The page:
Tuesday, October 17, 2006


Patron of the arts and all-round pretentious person that I am, I went out to see 'Red Dog' at the theatre last week.

I wouldn't recommend that you do the same.

What was wrong with it? Well, for a start, let me ask you this: how does one best evoke the presence of a mongrel dog, living in the remote towns and campsites in the rough, rugged, uncivilised north-west of Western Australia?

Why, with zany piano accordion music, of course! And shadow puppetry! And mime! Because obviously nothing says "outback mining camps" like piano accordions, shadow puppetry and mime! I'm sure that the population of the Pilbara - truck drivers, stockmen and illiterate labourers - all relax after a long, hard, dusty day with a little Edith Piaf music, some absinthe and a five hour long kabuki play.

Beyond that, I grant them points for trying, but sadly the play was little more than a clever, occasionally powerful series of stagecraft tricks meandering about in search of a plot. It was hard not to get the impression that this thing was born of workshopping, not storytelling. I can imagine a bunch of actors getting together and, after a few bottles of cheap merlot and some hits from the bong, realising that they can charge people $45 a ticket for the honour of witnessing their party tricks. "I'm good with shadow puppets!" one cries. "I can play the piano accordion!" says another. "I can do acrobatic tricks on a stack of folding chairs!" offers a third. "Let's put on a show!"

As a result, twenty minutes into the performance, my chief thought was not "Oh, what a delightful journey into whimsy!" It was "COULD SOMETHING PLEASE HAPPEN!"

But nothing did. This is not to say that the aforementioned stagecraft tricks were not evocative and arresting. Their portrait of Death, malevolent in a long black coat and bony, spider-like appendages, sent goosebumps down my arms every time he appeared. The trick of setting one scene on its side, so that the audience viewed it as if from above, was enormously clever and beautifully executed. But these were great technical and visual achievements that didn't actually do anything.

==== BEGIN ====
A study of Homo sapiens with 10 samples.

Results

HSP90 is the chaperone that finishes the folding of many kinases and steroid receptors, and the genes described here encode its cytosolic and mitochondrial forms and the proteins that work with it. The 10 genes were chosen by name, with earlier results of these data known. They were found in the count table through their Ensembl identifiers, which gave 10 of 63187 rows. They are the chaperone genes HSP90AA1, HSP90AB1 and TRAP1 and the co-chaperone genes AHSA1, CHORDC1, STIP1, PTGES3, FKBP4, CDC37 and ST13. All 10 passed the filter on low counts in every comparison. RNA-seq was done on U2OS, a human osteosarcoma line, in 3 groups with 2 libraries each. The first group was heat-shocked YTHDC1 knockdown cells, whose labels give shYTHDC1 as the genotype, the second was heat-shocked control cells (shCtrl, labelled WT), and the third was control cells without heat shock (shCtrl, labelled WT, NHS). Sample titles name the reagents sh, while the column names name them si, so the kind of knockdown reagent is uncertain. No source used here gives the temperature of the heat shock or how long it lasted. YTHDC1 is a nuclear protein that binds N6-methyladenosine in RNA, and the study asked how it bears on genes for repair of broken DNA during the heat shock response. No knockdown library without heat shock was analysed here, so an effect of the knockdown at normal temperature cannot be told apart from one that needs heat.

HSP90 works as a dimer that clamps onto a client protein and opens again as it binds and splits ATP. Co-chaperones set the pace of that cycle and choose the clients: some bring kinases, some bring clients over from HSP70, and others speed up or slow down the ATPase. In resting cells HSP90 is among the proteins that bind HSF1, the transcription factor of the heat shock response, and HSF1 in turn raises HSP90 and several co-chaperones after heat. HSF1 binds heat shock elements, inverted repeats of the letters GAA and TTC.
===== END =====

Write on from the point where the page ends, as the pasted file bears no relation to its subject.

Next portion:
And in every case, they went on too long. Nothing saps the magic of a stage trick like being forced to stare at it for five minutes while nothing else happens.

Unintentional hilarity came, however, from another source. A few rows away from me sat a large, upper-middle class family, and their youngest daughter reacted badly to Red Dog's melancholy death scene. As Death seduced the dog into the darkness, she burst into tears and stated - loudly, often and in no uncertain terms - that she didn't want Red Dog to die. Her parents tried to calm her, but under the circumstances there wasn't much they could do. The rest of the audience couldn't help but laugh as all the actors' attempts at nuanced emotion were undone by one hysterical little kid.

Congratulations, upper-middle class parents. You just blew $200+ on a night at the theatre that'll give your child nightmares for the rest of the year. If only you'd bought her an iPod instead and just stayed at home watching 'My Name is Earl'.

On the other hand I can't help but feel, in my capacity as someone who hates kids, that if this play gives just one small child psyche-scarring nightmares, it can't be all bad.